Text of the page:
CIMM – International Students – Establishment of a Task Force – June 14, 2023

[Redacted] appears where sensitive information has been removed in accordance with the principles of the Access to Information Act and the Privacy Act.

The purpose of this document is to provide a phased strategy regarding the individuals reported in the media as facing possible deportation orders by the CBSA due to fraudulent letters of acceptance stemming out of three CBSA led investigations otherwise known as the “700 Indian Students with fraudulent LOA.”

The CBSA has the obligation and authority to both investigate and write reports for individuals who are believed to be in violation of the inadmissibility clauses of the Immigration and Refugee Protection Act (IRPA). IRCC has the legal authority to accept, review and grant status under Section A24 and A25 of IRPA based on a review of compelling factors.

The “700 Indian Students” fall into five cohorts:

Phase 1: TRP Ministerial Authorities to Intervene, Authorize Individuals who are Subject to Enforcement Action and who may been Recognized as Inadmissible to Remain in Canada:

On an individualized basis, the Assistant Deputy Minister of the Operations Sector can authorize a limited duration temporary resident permit (TRP) under A24 of the IRPA. This would allow the individual the necessary documents to pursue their studies and to work in Canada while preserving the delicate balance of sustaining the efforts to combat fraud.

IRCC will communicate with clients to reassure them that they will not be removed from Canada, as long as investigations into their genuineness are being conducted.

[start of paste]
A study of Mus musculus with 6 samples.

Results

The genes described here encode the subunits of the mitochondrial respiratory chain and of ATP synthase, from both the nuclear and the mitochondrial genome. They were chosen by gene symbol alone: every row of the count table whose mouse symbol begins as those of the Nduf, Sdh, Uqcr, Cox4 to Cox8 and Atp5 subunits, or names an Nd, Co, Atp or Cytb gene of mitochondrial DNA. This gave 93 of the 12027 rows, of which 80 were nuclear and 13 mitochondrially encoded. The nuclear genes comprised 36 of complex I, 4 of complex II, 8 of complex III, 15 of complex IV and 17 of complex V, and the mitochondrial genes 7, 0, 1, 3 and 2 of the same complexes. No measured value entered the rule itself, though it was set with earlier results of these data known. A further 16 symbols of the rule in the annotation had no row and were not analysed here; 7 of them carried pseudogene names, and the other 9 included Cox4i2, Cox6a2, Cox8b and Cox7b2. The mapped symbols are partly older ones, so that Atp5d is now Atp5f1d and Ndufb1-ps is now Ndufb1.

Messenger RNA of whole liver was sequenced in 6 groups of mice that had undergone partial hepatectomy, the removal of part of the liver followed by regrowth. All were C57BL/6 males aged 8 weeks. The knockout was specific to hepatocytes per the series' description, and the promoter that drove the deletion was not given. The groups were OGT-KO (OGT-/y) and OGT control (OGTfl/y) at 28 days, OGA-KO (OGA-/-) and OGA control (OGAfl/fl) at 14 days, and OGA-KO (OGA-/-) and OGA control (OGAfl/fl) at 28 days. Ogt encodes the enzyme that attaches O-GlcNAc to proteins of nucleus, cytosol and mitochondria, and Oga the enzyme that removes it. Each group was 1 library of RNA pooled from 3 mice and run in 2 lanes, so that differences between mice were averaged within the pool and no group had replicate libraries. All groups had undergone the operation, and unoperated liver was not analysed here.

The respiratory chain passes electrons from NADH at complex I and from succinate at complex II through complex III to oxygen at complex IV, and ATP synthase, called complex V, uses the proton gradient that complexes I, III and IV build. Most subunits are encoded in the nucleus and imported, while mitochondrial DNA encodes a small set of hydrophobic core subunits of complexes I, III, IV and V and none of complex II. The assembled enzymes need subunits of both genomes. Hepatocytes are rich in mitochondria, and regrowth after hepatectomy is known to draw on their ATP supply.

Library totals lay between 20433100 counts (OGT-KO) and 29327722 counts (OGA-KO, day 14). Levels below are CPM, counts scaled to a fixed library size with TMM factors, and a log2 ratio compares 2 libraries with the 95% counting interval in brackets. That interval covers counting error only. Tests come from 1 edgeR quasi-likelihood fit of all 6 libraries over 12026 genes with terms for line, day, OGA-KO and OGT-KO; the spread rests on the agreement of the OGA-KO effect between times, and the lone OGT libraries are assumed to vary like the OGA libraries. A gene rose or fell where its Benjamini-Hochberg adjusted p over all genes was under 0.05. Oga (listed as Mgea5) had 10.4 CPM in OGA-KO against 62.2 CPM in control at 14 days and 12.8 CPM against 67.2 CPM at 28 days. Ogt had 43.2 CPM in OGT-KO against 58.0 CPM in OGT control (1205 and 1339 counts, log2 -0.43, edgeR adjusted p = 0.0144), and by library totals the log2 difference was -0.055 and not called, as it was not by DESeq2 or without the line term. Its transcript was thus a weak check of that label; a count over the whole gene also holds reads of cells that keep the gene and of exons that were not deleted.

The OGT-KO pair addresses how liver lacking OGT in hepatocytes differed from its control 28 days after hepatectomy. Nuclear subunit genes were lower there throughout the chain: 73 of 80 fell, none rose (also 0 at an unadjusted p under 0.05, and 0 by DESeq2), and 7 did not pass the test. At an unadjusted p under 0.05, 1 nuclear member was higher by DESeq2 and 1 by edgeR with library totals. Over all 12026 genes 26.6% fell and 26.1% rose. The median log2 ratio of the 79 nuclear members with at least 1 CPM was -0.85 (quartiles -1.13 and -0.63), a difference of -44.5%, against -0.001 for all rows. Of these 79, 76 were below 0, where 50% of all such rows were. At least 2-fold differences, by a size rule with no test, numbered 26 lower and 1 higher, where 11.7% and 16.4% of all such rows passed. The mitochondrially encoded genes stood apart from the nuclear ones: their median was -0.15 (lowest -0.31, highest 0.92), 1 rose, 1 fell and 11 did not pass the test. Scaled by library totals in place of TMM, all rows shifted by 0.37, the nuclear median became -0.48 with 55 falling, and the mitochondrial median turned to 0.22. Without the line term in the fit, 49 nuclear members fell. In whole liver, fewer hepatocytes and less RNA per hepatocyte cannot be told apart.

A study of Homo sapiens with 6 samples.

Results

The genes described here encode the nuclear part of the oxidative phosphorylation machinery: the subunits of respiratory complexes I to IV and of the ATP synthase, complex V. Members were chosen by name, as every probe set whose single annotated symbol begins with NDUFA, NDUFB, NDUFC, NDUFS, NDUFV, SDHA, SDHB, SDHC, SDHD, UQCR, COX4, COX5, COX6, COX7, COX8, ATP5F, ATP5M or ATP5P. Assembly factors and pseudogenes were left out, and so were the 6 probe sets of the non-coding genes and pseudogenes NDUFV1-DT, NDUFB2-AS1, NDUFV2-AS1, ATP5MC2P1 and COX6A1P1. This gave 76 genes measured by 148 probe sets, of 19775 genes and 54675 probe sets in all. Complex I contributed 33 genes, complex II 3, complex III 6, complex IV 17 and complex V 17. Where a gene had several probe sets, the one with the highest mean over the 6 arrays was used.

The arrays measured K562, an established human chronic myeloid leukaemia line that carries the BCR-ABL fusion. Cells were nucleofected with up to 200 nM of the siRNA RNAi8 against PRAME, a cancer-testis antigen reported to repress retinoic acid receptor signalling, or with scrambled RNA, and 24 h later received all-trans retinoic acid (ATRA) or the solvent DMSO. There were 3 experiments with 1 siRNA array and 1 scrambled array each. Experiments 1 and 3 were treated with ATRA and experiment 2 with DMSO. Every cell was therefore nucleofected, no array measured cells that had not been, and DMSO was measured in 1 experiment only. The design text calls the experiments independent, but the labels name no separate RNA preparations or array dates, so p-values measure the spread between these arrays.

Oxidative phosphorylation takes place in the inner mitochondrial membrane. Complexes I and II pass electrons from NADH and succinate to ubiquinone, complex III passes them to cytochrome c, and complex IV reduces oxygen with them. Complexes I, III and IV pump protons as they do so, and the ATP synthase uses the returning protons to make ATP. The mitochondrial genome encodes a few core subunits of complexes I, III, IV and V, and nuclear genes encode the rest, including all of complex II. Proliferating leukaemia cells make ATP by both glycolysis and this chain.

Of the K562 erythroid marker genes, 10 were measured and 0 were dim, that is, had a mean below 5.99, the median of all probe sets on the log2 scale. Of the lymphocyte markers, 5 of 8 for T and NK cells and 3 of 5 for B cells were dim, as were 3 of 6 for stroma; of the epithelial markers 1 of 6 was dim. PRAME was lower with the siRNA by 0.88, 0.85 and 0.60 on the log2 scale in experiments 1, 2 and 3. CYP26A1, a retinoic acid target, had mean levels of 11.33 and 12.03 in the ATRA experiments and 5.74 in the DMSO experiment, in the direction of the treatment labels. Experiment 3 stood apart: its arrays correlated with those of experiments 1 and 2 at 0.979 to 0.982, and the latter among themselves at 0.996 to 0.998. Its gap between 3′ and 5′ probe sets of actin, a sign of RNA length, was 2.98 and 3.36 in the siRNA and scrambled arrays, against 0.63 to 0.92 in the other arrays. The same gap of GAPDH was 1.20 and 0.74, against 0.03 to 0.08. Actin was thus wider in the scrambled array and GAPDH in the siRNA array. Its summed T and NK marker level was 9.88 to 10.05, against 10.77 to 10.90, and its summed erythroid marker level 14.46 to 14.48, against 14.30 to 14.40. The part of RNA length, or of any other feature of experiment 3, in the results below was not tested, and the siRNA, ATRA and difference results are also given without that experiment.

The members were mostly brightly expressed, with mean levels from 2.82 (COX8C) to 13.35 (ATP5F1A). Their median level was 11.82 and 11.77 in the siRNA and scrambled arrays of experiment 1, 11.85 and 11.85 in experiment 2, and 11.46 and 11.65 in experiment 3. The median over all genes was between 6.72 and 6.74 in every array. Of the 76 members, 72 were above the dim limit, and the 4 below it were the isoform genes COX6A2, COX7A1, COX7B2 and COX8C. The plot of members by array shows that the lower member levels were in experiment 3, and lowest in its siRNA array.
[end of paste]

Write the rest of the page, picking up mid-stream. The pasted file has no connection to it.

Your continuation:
Phase 2: Establish a Task Force to Identify Individuals who were Victims of Fraud

Phase 3: Options to Remedy the Five Year Inadmissibility for Individuals Found to be Genuine Victims of Fraud After the Investigations

Option 1:

Individuals who have been determined to have been duped by unscrupulous actors following a review by the task force, would be invited to apply for Humanitarian and Compassionate consideration on an individualized basis to overcome their five year inadmissibility under A25(2) of IRPA. The application would follow normal intake mechanisms, but would be expedited to a decision maker. This would allow for an individualized response and would support the integrity of the process as outlined in Phase I and Phase 2. 

Option 2:

To enable individuals who have determined to have been duped by unscrupulous actors, the Minister of IRCC could exercise their authority to waive inadmissibility for the students via public policy. This Public Policy would look to lift the consequences of the five year inadmissibility and allow the students to apply for regular permanent pathways as appropriate to their interests.